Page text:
C-suite executives are failing, according to a study by Harvard Business Review that analyzed failure rates of C-suite executives over a 10-year span. In fact, the failure rate is as high as 56 to 75 percent, depending on the executive’s position. The numbers are surprising, but the symptoms of high failure rate are easily diagnosed. Let’s examine a few common themes, and then review executive onboarding as a remedy.
Where Onboarding Goes Wrong
While it’s a celebratory moment when a C-suite executive accepts an offer, the hiring enterprise typically moves on to other matters quickly. Granted, companies will normally employ an onboarding process when the executive walks in the door the first day, but such onboarding is generally limited to HR compliance – required paperwork, office tours, shaking hands, a welcome lunch and more paperwork. Thereafter, the new executive becomes an island, having to fend for themselves. Does this sound familiar?
As the incoming executive is trying to get up to speed by learning to avoid cultural potholes, uncovering any unknown skeletons in the closet, and dealing with a new set of constituents, peers and subordinates are simultaneously researching the executive and developing their own impressions, much to the disadvantage of the new hire.
“Executives who focus on understanding the organizational culture, get crystal clear about delivering on their initial performance expectations, and solicit regular feedback succeed,” said Rania Anderson, an independent executive business coach and author, who has successfully onboarded executives… “Getting off on the wrong foot is usually irreversible.”
The Argument for Outside Coaching
Smart and progressive organizations are attempting to maximize recruitment ROI and decrease failure rates by engaging the services of third-party executive coaches for onboarding purposes. Although organizations can do this activity independently, corporate correctness or office politics may impede the process. Consider the following advantages of using an experienced executive coach in the onboarding process:
- Relationship development – A third-party coach can serve as an objective observer to keep the executive focused on establishing initial and long-lasting relationships with all constituents within the organization. Sometimes, the executive may not fully comprehend formal and informal relationships of prominence due to their short time with the new organization. An executive coach will be able to identify early naysayers, spot ways to combat related challenges, and ensure every group within the organization is considered.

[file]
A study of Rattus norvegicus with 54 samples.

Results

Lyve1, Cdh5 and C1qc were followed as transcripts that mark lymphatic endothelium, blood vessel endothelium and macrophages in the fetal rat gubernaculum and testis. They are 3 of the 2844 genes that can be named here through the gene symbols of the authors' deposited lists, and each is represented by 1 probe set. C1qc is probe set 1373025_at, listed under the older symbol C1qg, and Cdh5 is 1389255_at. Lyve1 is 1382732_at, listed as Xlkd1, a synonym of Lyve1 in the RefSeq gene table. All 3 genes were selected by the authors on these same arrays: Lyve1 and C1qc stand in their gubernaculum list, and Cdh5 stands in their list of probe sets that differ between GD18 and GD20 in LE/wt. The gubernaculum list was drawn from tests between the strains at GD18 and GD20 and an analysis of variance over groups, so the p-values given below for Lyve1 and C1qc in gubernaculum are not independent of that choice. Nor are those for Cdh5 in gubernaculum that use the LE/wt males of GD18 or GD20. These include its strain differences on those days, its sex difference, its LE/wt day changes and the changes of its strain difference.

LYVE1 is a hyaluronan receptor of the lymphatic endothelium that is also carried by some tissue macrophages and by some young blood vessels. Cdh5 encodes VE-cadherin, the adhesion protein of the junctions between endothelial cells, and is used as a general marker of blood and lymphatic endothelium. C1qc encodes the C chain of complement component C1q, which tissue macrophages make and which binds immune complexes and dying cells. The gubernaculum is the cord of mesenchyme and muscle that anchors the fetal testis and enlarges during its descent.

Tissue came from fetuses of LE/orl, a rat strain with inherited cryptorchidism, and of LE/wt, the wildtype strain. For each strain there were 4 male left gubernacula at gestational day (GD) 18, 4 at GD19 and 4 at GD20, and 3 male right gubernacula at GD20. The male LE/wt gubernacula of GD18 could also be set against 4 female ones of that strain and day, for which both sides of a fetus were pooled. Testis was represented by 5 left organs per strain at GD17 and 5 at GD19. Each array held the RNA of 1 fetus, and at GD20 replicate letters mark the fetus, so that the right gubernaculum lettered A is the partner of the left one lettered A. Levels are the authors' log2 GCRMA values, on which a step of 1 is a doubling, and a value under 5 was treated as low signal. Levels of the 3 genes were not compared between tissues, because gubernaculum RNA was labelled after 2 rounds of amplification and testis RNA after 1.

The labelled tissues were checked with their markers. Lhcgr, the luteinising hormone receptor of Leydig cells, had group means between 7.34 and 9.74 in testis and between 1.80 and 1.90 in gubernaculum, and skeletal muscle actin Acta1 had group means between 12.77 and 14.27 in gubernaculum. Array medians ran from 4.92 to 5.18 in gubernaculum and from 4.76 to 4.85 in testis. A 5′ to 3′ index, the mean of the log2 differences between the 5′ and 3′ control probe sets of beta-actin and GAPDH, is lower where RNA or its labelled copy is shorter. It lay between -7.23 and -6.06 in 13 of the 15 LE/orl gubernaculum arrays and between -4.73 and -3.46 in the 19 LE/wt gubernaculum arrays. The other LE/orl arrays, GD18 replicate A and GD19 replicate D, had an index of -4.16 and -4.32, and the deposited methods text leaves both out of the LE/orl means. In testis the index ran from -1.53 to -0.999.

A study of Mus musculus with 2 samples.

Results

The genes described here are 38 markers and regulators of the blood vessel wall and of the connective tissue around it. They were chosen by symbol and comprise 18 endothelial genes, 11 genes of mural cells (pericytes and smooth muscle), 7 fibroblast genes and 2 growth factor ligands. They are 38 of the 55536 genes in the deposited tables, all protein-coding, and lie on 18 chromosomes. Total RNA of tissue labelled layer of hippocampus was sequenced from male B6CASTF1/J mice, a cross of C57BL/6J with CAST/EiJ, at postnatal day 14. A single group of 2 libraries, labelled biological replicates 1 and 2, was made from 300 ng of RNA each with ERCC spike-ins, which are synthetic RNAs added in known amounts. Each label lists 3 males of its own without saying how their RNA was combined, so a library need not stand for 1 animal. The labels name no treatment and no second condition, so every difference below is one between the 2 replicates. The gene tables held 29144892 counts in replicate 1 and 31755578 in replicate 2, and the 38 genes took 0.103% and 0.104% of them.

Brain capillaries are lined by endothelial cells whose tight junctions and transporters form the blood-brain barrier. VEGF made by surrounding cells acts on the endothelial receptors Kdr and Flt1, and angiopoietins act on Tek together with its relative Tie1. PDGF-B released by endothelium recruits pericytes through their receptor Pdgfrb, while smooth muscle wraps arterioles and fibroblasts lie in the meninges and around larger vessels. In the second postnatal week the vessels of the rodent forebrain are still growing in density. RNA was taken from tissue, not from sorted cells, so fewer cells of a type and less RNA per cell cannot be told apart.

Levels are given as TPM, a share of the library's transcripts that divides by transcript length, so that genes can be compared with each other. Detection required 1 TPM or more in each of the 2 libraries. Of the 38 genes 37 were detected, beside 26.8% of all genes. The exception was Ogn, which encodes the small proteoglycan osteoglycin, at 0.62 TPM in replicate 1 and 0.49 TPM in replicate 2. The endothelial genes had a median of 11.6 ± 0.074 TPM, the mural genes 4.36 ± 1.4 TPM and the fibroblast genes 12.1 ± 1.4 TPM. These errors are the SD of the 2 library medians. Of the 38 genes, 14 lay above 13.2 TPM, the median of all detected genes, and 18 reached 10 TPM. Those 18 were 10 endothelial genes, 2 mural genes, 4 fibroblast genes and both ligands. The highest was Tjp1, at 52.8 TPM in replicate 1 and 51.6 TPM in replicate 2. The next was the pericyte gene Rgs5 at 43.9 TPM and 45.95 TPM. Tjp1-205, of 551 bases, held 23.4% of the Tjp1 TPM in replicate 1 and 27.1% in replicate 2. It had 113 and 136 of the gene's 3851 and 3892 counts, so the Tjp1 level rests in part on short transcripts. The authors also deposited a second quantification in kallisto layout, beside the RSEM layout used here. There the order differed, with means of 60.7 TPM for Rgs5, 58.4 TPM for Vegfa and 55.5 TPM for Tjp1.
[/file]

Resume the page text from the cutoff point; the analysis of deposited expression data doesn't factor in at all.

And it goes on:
- Plan development – New executives may bite off more than they can chew and accomplish in a systematic manner, thinking they need to be the “savior” in their recently acquired role. An executive coach can help the individual prioritize and plan. Proper alignment of priorities between the executive, his/her boss and potential board members is extremely important. Allowing the coach reasonable and appropriate access to all parties is paramount to achieving mutually desirable results.
- Communication linkages – Coaching can improve the predictability of short- and long-term success by helping the new executive craft communication linkages. Keeping in mind today’s multi-generational workforce, a coach can advise the executive on the best communication method for each individual and group – some employees might respond better to one-on-one or face-to-face communication, while others may prefer group meetings or communication via email or social media.
Although a boss, top corporate HR leader and other vested colleagues can help a new executive navigate the treacherous waters of onboarding, they all have day jobs. Investing in third-party executive coaching to guide the onboarding process is worth every penny.